Tony La Russa: St. Louis Cardinals’ front office is “toxic”

Apr 5, 2019; St. Louis, MO, USA; St. Louis Cardinals manager Mike Shildt (8) talks with former manager Tony LaRussa prior to the Cardinals home opener against the San Diego Padres at Busch Stadium. Mandatory Credit: Jeff Curry-USA TODAY Sports
Apr 5, 2019; St. Louis, MO, USA; St. Louis Cardinals manager Mike Shildt (8) talks with former manager Tony LaRussa prior to the Cardinals home opener against the San Diego Padres at Busch Stadium. Mandatory Credit: Jeff Curry-USA TODAY Sports /

Major League Baseball can be a cruel business. Mike Shildt found this out the hard way when he was unexpectedly fired as manager of the Cardinals. Despite a seventeen-game winning streak and a third-straight postseason appearance, John Mozeliak relieved Shildt of his duties for “philosophical differences”. That did not stop Tony La Russa from coming to Shildt’s defense.

In Bob Nightengale’s recent story on Mike Shildt, there are still many hurt feelings inside of the former Cardinals skipper. Using terms such as “broken heart” and “inconsolable”, Shildt conveys the pain he felt after being relieved of his duties.

Shildt’s comments on the moment he was dismissed are quite ominous.

"”I was getting on the phone with the thought it was going to be about a contract extension,” Shildt said. “I had one more year on my contract. So I was looking at some of the numbers of the last three years, feeling about them, and then Mo started talking.Mozeliak opened up the call by saying, “Mike, this conversation isn’t going to go the way you think it’s going to go.”"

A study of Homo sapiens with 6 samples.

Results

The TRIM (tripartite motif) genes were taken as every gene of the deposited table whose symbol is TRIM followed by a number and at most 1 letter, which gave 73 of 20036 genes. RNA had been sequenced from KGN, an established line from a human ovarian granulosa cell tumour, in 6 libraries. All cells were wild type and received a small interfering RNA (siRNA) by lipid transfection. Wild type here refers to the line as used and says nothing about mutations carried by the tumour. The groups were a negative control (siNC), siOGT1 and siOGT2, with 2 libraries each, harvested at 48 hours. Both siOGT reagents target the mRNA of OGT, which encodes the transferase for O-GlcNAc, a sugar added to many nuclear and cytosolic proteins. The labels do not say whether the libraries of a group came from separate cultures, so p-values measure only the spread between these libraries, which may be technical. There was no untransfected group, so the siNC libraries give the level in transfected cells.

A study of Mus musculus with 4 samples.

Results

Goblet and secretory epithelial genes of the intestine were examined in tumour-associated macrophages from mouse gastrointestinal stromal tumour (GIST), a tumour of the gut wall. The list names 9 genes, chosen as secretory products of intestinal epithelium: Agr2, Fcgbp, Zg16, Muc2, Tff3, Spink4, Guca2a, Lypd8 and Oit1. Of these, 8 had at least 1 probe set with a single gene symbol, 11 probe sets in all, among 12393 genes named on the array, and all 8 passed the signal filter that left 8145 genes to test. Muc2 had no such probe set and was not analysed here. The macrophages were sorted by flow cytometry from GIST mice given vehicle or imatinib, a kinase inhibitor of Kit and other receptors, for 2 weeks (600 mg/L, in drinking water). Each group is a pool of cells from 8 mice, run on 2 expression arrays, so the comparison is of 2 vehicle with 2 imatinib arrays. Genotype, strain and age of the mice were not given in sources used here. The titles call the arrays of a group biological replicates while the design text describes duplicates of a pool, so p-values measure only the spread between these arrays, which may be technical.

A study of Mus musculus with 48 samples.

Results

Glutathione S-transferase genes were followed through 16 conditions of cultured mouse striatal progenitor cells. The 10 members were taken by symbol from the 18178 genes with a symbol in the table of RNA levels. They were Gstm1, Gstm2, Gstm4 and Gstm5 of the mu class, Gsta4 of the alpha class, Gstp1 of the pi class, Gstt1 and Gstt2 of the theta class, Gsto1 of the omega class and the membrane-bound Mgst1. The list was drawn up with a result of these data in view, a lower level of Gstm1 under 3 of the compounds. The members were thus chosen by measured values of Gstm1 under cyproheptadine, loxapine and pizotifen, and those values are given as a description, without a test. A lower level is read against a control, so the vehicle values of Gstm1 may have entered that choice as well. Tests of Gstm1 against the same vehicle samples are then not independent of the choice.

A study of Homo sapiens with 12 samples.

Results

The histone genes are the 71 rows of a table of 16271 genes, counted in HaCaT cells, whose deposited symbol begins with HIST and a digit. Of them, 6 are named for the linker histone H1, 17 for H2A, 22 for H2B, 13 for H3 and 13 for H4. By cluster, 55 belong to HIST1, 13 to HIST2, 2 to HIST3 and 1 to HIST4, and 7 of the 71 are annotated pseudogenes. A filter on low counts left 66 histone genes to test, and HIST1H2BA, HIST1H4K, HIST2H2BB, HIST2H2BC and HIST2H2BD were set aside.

What an inauspicious was to start a conversation.

If that did not raise your eyebrows, then Tony La Russa’s comments will. When speaking about Shildt’s firing, La Russa said he received word from an unknown source inside the Cardinals organization that there is a “toxic environment”.

"My comment was that if it was toxic, it must be the front office. … I’m for the Cardinals. Everybody makes their own decision. But when you start talking about that, it might damage his chance to manage again for those that don’t know any better. He did a hell of a job."

So what can we take away from this?

Clearly, the hurt from the firing has not left Mike Shildt, but who could blame him. Shildt was a man who dedicated eighteen years to the Cardinals, worked his way to the manager position despite no professional playing experience, and led the team back to the postseason after three years of being on the outside looking in.

It’s human nature to be disappointed after being removed from a position unexpectedly after years of hard work, but does that directly mean the Cardinals are a toxic environment?

Remember, Mozeliak fired Shildt due to “philosophical differences”, and it was speculated by Katie Woo at The Athletic that Shildt was apprehensive of using data-driven analytics instead of basic fundamental baseball tactics. It was also speculated that Jeff Albert’s role in the organization was something Shildt was not fond of.

This could all be heresy on the part of Tony La Russa backing up a now-former managerial colleague. However, when there’s smoke, there’s fire. Perhaps La Russa saw (or perhaps smelled) a match being lit in the Cardinals front office.